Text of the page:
Health and Safety - Pneumatic Drills
There are many tools and pieces of equipment used by workers in the construction industry that can pose a danger to the health of the operator or those around them. One such piece of equipment is a pneumatic drill which is used to break up tough concrete and tarmac, with many associated dangers.
First off, the tool itself is usually heavy and cumbersome, and requires the operator to lean over slightly whilst drilling. This can have obvious manual handling consequences as it is used and moved around, meaning that as well as being suitably trained in its correct operation, workers should also receive manual handling training to reduce the chances of them causing themselves a manual handling injury.
Secondly, the hazard which most people will be familiar with when they think of a pneumatic drill is that of the noise it makes. Whilst it may just be an inconvenience for those members of the public walking past or people in nearby buildings, for the workers who are so close to the drill the noise is a real danger, as it can cause permanent hearing damage to them. Those working with or close to the drill should wear suitable ear protection.
Drilling into concrete and tarmac can create pieces of flying debris and dust which is a hazard that needs to be taken into consideration. This debris can strike a person in the eye and cause damage to it, whilst the dust can be breathed in and aggravate conditions such as asthma or cause damage to lungs. Certain precautions and preventative measures can be taken to minimise the risks to health including the wearing of goggles to protect eyes and the dampening down of surfaces to reduce the amount of dust that is released into the air from the drilling.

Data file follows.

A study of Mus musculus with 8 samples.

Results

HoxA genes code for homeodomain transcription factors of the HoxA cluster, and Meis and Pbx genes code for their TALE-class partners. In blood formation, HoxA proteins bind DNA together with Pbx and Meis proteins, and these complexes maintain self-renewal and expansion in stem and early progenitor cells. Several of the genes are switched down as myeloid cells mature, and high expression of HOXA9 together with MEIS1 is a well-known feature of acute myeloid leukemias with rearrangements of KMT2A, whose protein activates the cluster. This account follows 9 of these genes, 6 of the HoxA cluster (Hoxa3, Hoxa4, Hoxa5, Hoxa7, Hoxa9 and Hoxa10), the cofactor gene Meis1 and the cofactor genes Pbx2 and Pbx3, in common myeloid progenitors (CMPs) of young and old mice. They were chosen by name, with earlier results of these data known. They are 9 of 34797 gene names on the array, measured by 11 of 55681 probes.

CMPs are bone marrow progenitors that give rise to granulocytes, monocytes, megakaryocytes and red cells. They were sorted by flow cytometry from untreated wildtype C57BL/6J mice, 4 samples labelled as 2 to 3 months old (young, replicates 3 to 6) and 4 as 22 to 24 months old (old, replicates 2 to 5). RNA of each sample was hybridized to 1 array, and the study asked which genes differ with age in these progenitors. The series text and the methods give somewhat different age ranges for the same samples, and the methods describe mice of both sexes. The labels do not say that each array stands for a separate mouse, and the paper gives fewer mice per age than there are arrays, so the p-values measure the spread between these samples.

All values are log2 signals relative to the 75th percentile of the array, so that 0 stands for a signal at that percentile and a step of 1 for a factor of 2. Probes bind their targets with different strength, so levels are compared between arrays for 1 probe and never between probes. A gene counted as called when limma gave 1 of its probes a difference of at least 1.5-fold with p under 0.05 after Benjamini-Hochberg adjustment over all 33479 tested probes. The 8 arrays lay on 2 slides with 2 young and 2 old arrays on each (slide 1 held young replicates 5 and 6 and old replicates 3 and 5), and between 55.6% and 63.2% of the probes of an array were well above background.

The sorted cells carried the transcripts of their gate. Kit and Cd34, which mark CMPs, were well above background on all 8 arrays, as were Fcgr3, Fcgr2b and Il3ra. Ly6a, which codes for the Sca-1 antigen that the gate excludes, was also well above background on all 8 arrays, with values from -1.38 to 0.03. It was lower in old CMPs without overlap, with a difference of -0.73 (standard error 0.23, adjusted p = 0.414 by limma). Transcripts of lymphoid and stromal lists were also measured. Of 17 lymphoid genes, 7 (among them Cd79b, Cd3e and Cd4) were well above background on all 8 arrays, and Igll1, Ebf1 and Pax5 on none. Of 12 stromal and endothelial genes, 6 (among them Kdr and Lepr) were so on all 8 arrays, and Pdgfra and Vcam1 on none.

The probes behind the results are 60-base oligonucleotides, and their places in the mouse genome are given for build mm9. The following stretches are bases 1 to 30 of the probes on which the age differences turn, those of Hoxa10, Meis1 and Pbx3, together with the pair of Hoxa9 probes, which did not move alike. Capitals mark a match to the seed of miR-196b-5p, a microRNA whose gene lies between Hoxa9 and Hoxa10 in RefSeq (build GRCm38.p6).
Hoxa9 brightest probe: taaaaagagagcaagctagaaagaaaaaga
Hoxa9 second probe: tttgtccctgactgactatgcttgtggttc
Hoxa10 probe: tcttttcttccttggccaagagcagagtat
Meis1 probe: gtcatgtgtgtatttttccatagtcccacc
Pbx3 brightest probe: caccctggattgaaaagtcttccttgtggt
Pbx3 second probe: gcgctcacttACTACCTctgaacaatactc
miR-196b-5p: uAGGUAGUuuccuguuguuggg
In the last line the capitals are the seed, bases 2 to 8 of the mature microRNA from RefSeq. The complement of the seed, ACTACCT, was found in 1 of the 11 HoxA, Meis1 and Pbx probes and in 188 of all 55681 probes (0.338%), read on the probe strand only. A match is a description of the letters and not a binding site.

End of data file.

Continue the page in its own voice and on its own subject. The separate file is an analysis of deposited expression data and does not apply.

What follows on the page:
Pneumatic drills also create a lot of vibration for the operator as they hold and operate it. Certain actions such as wearing proper gloves, taking regular breaks and rotating the drilling task with others can reduce the risks of a person suffering vibration-related conditions such as hand arm vibration syndrome (HAVS).
Plus, although it sounds obvious, those operating the drill need to make sure that they do not drill into their foot, as the position of their feet will be close to where the drill contacts the ground. Wearing boots with steel toe caps and paying attention to what they are doing at all times and not being distracted can contribute to a worker minimising the risk of injury in this way.
As with most tools and equipment, a combination of common sense, health and safety training, and training in the correct operation of the equipment can greatly reduce the chances of an accident or mishap which results in injury to one or more people.